Massachusetts regulators are demanding that LPL Financial pay $2.5 million in restitution to senior investors, along with $975,000 in fines and disgorgement of $208,000 in commissions tied to the sale of unsuitable variable annuities.
The announcement comes nearly two months after LPL Financial was charged with failure to supervise advisor Roger Salvatore Zullo in connection with the VA sales to at least 11 clients, many of whom had worked in the health care sector. Zullo was fired by the independent broker-dealer on Dec. 2.
“The facts in this case make clear that seniors and retirees continue to be prey to unscrupulous advisers targeting 401(k) and 403(b) rollover assets to gain high commissions on unsuitable products,” said Secretary of the Commonwealth William F. Galvin, in a statement.
The securities regulators’ order notes that LPL’s advisor misrepresented clients’ ages and their net worth to make them “appear more suitable and that LPL failed to detect various red flags and discrepancies which should would have prevented the harm.”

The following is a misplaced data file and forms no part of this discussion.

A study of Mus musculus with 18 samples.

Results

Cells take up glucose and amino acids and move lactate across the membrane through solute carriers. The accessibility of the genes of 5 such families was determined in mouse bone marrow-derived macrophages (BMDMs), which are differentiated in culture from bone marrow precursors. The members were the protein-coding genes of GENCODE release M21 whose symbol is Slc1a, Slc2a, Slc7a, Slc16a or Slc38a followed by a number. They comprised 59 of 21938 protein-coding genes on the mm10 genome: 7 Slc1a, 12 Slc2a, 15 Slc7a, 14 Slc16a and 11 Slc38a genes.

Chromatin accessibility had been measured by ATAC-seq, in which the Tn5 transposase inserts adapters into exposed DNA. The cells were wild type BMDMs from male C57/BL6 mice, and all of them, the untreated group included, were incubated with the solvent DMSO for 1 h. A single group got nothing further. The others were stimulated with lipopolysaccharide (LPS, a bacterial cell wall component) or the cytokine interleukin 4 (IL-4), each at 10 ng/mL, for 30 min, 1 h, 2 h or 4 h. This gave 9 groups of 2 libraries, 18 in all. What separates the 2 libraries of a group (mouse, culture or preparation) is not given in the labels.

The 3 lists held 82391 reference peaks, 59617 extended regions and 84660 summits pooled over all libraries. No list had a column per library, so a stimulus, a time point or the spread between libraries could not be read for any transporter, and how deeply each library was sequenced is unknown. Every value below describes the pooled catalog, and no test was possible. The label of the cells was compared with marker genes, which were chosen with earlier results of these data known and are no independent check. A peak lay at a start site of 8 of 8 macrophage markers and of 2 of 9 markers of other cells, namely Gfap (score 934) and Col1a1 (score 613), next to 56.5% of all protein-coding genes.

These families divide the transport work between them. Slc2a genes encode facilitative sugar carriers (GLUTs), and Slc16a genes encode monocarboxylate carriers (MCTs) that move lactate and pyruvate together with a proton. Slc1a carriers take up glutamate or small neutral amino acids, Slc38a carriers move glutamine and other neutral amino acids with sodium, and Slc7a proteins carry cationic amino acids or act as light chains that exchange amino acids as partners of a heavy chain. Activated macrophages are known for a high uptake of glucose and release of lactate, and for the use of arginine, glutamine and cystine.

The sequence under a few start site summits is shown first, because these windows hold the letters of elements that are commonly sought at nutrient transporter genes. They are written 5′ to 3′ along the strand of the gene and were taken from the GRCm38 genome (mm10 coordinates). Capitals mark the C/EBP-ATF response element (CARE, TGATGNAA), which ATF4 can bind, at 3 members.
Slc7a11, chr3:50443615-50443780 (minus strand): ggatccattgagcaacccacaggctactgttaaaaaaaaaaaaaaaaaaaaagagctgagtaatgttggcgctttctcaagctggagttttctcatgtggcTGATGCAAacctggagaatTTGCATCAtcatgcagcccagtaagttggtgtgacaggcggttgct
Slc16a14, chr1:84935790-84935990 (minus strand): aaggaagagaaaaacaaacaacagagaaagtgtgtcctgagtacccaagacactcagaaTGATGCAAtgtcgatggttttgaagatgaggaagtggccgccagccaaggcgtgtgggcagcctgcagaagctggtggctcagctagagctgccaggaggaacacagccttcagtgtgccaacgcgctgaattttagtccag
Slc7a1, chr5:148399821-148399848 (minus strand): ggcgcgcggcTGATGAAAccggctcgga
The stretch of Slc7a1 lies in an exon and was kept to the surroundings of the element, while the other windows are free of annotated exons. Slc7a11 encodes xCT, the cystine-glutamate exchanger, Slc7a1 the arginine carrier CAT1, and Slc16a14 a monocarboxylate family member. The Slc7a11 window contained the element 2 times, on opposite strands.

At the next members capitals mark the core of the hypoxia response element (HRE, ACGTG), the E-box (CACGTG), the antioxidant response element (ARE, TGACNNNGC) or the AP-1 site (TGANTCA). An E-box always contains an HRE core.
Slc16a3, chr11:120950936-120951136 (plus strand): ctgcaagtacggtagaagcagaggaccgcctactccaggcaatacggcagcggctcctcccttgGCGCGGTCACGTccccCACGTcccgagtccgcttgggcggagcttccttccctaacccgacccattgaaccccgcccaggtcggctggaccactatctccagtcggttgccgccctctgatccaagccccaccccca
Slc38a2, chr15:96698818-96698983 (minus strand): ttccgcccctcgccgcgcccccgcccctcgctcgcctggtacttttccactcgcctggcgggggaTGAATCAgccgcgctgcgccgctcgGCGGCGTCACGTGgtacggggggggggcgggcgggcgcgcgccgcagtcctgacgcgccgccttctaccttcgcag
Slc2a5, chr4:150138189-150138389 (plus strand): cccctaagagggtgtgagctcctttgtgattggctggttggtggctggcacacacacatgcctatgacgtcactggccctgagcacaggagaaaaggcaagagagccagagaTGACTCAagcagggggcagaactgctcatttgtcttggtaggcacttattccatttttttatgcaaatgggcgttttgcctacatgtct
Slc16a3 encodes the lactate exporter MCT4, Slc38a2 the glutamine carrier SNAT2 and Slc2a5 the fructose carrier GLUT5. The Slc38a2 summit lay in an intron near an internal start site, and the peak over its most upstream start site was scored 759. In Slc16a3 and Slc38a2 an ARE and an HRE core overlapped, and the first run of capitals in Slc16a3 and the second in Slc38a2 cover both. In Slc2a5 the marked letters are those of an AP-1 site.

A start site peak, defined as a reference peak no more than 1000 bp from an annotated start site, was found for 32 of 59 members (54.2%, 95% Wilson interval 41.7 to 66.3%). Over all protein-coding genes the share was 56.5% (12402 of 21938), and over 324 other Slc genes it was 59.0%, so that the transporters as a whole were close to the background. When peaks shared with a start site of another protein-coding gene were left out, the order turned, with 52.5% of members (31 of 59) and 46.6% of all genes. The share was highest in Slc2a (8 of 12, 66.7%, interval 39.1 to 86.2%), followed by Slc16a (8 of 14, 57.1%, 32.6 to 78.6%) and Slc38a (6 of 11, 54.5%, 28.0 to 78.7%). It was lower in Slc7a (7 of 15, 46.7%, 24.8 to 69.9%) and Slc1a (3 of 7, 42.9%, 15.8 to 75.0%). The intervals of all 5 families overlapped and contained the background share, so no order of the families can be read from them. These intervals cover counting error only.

The Boston-based advisor “bypassed LPL’s paper-thin compliance review process for these sales by fabricating client financial suitability information, such as age and liquid net worth,” according to the 84-page complaint.
Galvin’s office says the vast majority of Zullo’s annuity sales were of Polaris Platinum annuities, which carry a 7% commission — split between Zullo, 90%, and LPL, 10%. In many instances, clients had to pay surrender charges when Zullo persuaded them to switch to the Polaris Platinum annuity.